RUSKIN — Tatianna Rivers impressed the audience of Hillsborough Community College supporters with her story of courage, perseverance and determination.
And her refusal to be defined as a "crack baby."
"The way I see it, you can make the best out of what you are given, or make excuses for what you don't have," Rivers said during a moving speech to the Hillsborough Community College Scholarship Partners Breakfast last fall.
Today, Rivers graduates from HCC SouthShore thanks in part to the college's 2016 Presidential Achievement Award, which goes to a student who has overcome hardships and obstacles to succeed in academics, service and leadership.
Her life exemplifies the award's attributes.
The youngest of 11 children, Rivers was raised by her maternal grandmother until she died from complications caused by Alzheimer's disease.
Rivers was only 9.
"I never gave much thought as to why I wasn't living with my parents," Rivers said. "My grandmother surrounded me with so much love it blinded me from what was really going on."
Both of Rivers' parents battled drug addiction. When she was born, she had crack cocaine in her system, which prevented her mother from taking her home. Rivers would have grown up in foster care if her grandmother had not accepted responsibility for her.
After her grandmother's death, Rivers was passed around to other members of her family. She moved in with an aunt who already had two children and financial struggles. She remained with them until she entered high school, but during that time they moved several times from one low-rent apartment to another.
Through it all, Rivers identified education as her salvation. She did well in school despite a problem with reading that came to light in the sixth grade.
She practiced daily to reach grade level, reading books that caught her interest by following along with a cassette tape. Soon, she could read an entire book in just a few weeks without assistance.
By the time she reached the eighth grade, she read at grade level and entered high school ready to build on her success and overcome her environment.
"Going to bed hungry and knowing the feeling of not being wanted drove me to succeed," Rivers said. "Education was the only thing that I really had control over."
Her strength and determination led her to achieve a 5.1 grade point average and graduate fourth in her class from Blake High School in Tampa, but she had to defer her dream of attending the University of South Florida after coming up two points short on a college entrance exam.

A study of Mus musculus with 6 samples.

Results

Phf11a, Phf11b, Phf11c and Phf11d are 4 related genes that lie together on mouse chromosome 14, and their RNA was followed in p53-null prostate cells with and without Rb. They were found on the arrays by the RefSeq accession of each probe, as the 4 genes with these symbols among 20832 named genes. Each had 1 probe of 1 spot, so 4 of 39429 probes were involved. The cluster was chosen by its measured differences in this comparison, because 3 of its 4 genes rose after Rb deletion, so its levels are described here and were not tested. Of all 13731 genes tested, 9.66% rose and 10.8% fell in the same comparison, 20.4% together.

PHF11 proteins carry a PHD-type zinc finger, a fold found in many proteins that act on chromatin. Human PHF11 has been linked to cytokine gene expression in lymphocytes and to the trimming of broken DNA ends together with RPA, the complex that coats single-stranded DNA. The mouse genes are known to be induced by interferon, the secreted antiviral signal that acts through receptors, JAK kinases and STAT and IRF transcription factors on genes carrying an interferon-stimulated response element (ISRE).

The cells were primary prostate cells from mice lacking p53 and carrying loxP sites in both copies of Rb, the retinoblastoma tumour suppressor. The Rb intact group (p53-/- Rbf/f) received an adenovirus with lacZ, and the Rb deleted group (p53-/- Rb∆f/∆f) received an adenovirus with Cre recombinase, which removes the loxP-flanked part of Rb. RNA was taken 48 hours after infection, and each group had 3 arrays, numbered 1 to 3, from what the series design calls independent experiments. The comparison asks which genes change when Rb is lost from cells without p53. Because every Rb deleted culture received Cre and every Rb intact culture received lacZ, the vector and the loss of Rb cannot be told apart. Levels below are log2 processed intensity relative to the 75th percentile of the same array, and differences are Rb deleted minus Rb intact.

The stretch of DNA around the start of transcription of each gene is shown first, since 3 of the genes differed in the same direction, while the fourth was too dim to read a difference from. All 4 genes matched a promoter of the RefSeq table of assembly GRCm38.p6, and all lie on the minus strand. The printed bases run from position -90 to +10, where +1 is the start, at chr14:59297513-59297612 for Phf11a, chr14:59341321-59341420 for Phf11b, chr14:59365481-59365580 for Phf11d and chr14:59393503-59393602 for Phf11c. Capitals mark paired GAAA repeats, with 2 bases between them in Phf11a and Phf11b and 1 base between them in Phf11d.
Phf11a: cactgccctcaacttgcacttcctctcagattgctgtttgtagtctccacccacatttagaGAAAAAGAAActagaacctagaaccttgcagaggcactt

Rivers turned to HCC, accepting a full scholarship for the college's two-year program.
HCC became the gateway to her future.
"The impact that HCC has had on Tatianna's life is huge considering where she came from and where she is looking to go now," said Ashley Jeffrey, community relations and marketing manager. "It has really opened the door for her."
Rivers has truly blossomed during her two years at HCC. She joined the Student Government Association and eventually served stints as its president, vice president and marketing coordinator.
She also earned induction into the Collegiate 100, a group that provides tutoring and mentoring to elementary and high school students.
Rivers feels a strong passion for an after-school literacy program at Ruskin Elementary School known as PCAT, since she knows first-hand the link between reading and success.
"Tatianna is a student that overcame daunting adversity to succeed," HCC SouthShore president Allen Witt said. "She has made a real difference in our campus and the lives of her fellow students. Her story is so encouraging and so inspiring. We're glad that she allowed us to be a part of her success."
Rivers, who will graduate with an exemplary 3.49 grade point average, now moves on to USF with an associate's degree in allied health. She will pursue a bachelor's degree in mass communications before moving on to graduate school to get a master's in nursing.
These degrees will prepare her for her goal of becoming a motivational speaker so that she can touch the lives of young people with her inspiring story as well as have a career as a nurse practitioner in the field of obstetrics.
Given the standing ovation she received at that HCC breakfast, she appears poised to achieve her goals.
"Yes, I was a crack baby," Rivers said. "But this crack baby has grown up to be an intelligent, inspiring black woman that lets nothing stand in her way toward success.
"I really appreciate the support of HCC and thank them for believing in me and students like me to overcome their past that is sometimes not in their control and allowing us to succeed in our dreams."
Contact Kathy Straub at firstname.lastname@example.org.